The Audubon Society engages in an annual Christmas Bird Count (CBC) throughout the country centered on Audubon's Important Bird Areas. These counts have been going on since 1900, when Frank Chapman, an early officer in the newly formed Audubon Society proposed a census to be repeated at the same time each year. Previously the count was referred to as the Christmas "side hunt", where all participants would choose sides, then go afield to try to amass the largest pile of animals in order to win the competition. Luckily, this tradition was changed to simply counting the birds and has now been going on for 113 years.
2020-21 marks the 121st year of the nation's longest-running community science bird project. Due to COVID-19 restrictions, this year's Christmas Bird Counts will be held differently to protect our community.
***COVID-19 Christmas Bird Count Rules***
1. We will forgo the pre & post count meetings, and instead we will be meeting virtually via ZOOM to compile results. If you are interested in joining one (or all) of the counts, please contact the count circle leader for that section to receive instructions and count packets. The contact information for each circle is as follows: Dec. 15-Sierra Valley: Colin Dillingham (email@example.com) Dec. 17-Lake Almanor: Ryan Burnett (firstname.lastname@example.org) Dec. 19-American Valley: Darrel Jury (email@example.com)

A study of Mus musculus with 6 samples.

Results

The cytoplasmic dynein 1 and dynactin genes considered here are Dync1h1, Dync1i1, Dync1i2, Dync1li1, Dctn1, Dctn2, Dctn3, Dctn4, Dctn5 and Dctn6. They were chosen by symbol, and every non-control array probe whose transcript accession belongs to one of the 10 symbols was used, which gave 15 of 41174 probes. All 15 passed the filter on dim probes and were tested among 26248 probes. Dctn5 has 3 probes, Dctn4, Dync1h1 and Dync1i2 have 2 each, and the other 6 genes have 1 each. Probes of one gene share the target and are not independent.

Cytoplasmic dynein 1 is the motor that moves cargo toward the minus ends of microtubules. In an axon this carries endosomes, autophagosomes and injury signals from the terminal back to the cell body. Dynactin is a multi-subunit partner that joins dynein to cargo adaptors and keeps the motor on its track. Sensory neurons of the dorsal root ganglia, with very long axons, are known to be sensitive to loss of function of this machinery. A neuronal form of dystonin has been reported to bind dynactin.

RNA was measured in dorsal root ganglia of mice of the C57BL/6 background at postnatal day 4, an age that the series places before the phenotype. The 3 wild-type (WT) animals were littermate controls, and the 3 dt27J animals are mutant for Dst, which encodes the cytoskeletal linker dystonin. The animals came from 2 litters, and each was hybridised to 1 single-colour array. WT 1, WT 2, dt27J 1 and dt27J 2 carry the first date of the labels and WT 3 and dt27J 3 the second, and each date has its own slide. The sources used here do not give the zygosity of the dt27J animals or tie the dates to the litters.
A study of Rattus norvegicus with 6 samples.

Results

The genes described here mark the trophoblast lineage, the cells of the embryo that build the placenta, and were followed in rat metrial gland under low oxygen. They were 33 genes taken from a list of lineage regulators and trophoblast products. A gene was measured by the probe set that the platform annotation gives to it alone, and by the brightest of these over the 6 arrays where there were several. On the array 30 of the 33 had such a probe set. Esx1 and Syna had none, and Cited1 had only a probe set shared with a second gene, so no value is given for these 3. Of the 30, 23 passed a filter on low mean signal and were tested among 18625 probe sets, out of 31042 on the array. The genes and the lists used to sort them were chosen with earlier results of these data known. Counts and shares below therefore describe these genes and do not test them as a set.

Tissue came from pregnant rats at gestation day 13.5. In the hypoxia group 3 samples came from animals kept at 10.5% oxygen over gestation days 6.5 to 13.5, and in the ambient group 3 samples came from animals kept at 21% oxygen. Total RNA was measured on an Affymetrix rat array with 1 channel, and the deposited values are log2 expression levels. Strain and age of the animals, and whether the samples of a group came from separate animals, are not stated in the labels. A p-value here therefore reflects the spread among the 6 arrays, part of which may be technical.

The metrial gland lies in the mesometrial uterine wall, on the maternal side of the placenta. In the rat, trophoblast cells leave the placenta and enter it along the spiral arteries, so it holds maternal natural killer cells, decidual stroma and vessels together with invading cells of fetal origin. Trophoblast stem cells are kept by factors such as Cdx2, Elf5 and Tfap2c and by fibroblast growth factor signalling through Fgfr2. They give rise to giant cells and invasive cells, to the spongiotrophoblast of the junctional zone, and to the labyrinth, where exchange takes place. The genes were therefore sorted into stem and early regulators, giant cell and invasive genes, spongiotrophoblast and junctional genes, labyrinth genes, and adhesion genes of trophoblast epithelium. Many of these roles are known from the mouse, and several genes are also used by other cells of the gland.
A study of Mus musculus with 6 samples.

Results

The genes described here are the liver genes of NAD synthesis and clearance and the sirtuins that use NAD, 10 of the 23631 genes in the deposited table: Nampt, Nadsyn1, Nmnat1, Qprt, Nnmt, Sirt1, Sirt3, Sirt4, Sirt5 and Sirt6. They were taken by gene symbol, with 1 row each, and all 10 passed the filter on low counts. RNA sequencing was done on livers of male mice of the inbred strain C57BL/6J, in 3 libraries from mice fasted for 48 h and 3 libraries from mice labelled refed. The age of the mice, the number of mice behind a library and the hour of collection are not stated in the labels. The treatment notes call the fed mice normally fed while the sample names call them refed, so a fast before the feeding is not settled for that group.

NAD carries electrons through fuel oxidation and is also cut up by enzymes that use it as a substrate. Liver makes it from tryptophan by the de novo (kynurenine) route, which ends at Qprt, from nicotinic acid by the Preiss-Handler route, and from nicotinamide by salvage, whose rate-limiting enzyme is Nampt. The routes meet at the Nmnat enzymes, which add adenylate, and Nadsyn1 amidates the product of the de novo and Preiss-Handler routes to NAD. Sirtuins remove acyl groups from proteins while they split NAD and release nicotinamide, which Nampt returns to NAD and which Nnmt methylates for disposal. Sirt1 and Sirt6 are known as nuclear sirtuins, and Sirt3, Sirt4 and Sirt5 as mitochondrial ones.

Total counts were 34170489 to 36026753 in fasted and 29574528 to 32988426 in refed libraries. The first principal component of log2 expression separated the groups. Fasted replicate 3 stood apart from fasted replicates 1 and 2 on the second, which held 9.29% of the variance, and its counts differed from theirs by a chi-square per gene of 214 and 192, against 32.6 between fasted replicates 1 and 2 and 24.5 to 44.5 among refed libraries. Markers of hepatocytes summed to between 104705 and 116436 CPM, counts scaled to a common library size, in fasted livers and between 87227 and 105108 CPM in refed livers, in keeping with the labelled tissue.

2. Masks and/or social distancing required at all times.
3. Carpooling may only occur in existing familiar or social "pod" groups. If you have any questions regarding participation in any of these counts, please contact us.
Methods: Participants follow a specified route contained within a 15 mile diameter circle, centered on a key area. Birders count all birds they see and hear, not just compiling a species list but a census of all birds detected. Each CBC is done in one full day between December 15th and January 5th. Christmas bird counts enable biologists to monitor trends in distribution and diversity across the United States.
Results: The CBC is one of America's longest running citizen science data sets. Plumas Audubon has recently compiled and analyzed data for the last 10 years of local Christmas Bird Count events. Our goal is to observe trends in species diversity in order to gain a greater understanding of patterns related to changes in this diversity for future conservation efforts. Below are links to locality-specific trends in species diversity and raw data spanning a ten-year time frame from 2010-2019.
The mission of Plumas Audubon is to promote understanding, appreciation, and protection of the biodiversity of the Feather River Region, especially birds, through education, research, and the restoration and conservation of natural ecosystems.